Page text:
Making Your Own Microcontroller Serial Communications Application
My family of microcontroller serial communications applications is also meant to be a foundation for the creation of other custom serial communications applications. You can of course just take the source code and do with it what you want ( but please post the application somewhere and let me know about it ). Here I am going to suggest what I think is an easier way, one that should work for most custom applications. First pick the application from my current ones tha most closely resembles what you want to do. For example if graphing is important you might pick the PICMeter application, if not you might pick the BitWacker application.
( Note: This is one of a series of articles on Microcontroller Serial Communications, rooted at this site here: Microcontroller Serial Communications Articles )
My applications are structured so that each application has its own source directory and package: BitWacker is in rshensel.bitwacker ( notice that packages and directories are always lower case ). There are some core packages that are normally also required; these include rshensel.rs232probe and rshensel.picmeter. An of course there are the external libaries ( see the batch file building of the classpath to document these ).
- Step One:
- Make your own directory for an application and copy the source files from your template application that you have choosen above.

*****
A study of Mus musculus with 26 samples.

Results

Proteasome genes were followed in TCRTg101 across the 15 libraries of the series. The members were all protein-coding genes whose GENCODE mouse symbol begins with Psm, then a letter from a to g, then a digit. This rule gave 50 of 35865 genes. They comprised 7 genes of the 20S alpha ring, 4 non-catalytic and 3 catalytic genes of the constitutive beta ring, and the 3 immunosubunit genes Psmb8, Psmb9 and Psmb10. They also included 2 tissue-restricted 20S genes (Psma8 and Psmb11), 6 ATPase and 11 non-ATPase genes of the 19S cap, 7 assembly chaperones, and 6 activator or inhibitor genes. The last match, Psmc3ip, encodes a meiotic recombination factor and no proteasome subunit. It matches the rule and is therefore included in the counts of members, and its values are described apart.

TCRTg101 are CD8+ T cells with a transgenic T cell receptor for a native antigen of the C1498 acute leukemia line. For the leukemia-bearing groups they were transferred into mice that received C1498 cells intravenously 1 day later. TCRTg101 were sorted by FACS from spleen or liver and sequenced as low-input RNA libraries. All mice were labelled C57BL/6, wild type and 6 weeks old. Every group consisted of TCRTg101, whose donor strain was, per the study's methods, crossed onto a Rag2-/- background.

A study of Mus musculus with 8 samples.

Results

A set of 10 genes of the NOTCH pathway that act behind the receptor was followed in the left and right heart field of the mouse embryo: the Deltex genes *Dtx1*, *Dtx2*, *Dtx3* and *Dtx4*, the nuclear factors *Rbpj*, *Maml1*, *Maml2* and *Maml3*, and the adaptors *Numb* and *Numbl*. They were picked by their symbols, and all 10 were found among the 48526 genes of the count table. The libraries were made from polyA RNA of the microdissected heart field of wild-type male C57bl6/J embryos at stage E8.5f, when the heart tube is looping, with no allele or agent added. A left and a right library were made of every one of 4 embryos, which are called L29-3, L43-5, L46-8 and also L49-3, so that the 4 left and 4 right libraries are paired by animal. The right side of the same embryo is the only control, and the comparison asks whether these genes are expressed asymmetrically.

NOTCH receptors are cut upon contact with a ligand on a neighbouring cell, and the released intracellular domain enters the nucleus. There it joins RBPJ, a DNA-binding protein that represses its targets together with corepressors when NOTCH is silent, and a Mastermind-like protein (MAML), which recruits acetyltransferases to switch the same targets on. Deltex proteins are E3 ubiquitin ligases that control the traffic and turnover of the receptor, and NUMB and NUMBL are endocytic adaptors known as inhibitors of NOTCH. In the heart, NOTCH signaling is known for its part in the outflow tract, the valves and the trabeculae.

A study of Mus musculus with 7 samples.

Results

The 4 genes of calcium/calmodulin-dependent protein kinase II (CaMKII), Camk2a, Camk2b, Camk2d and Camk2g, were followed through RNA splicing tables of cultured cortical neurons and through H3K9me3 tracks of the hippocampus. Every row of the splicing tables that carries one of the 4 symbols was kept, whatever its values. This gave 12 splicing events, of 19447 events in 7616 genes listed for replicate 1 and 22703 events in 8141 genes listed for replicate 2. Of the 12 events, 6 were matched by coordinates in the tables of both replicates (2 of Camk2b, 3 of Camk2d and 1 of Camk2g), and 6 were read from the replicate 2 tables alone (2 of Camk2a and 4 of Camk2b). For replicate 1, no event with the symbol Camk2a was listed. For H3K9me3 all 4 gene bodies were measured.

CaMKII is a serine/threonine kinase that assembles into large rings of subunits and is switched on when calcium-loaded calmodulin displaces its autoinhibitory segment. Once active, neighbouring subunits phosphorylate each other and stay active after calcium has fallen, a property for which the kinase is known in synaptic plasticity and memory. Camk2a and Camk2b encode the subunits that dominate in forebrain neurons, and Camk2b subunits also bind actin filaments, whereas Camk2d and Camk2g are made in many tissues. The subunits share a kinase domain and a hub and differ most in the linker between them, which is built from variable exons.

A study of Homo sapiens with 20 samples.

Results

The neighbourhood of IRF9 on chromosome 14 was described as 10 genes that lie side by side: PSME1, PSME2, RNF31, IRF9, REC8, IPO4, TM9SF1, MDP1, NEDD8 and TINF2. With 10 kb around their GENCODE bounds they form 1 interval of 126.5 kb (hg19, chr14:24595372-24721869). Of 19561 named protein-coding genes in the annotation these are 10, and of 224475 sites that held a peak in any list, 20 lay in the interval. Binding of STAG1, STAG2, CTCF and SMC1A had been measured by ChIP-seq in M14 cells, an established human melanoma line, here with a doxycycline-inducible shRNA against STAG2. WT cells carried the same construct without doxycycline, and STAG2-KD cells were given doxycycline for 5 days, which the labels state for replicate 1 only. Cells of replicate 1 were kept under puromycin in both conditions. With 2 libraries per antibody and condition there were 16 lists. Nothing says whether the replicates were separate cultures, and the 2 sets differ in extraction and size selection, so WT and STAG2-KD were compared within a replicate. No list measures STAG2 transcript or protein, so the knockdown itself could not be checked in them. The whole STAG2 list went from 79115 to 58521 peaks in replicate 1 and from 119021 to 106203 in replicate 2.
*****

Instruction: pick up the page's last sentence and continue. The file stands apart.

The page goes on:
- Step Two:
- Rename the files appropriate to the new application ( you could get away with just the new package name, but this could become very confusing, don't do it. The simplest structure for an application is: 1) a main application ( ex: Bitwacker ) 2) a frame for the application ( ex: BitWackerFrame ) 3) at least one panel for the frame ( ex: BitwackerPanel ) 4) if you have a new microcontroller you may have a specialized driver for it ( ex:BitWackerUnit ). Note that in the usual case the hardware driver is choosen in the property file.
- Step Three:
- Change the internal names in the files to bind them together as an application, this includes the package names, the include directives, the class names, and the declarations and sometimes the names of internal variables.
- Step Four:
- Test the application. If everything was done correctly then your new application should work just like the old one.
- Step Five:
- Modify away to get the new behavior you want. Email me russ_hensel if you would like me to improve the internal docs of any component or for any other help that time allowing I can give.
By way of interest the BitWacker application has only about 100K of code that is unique to it, the rest is framework code that is shared by shared by, or unique to other applications.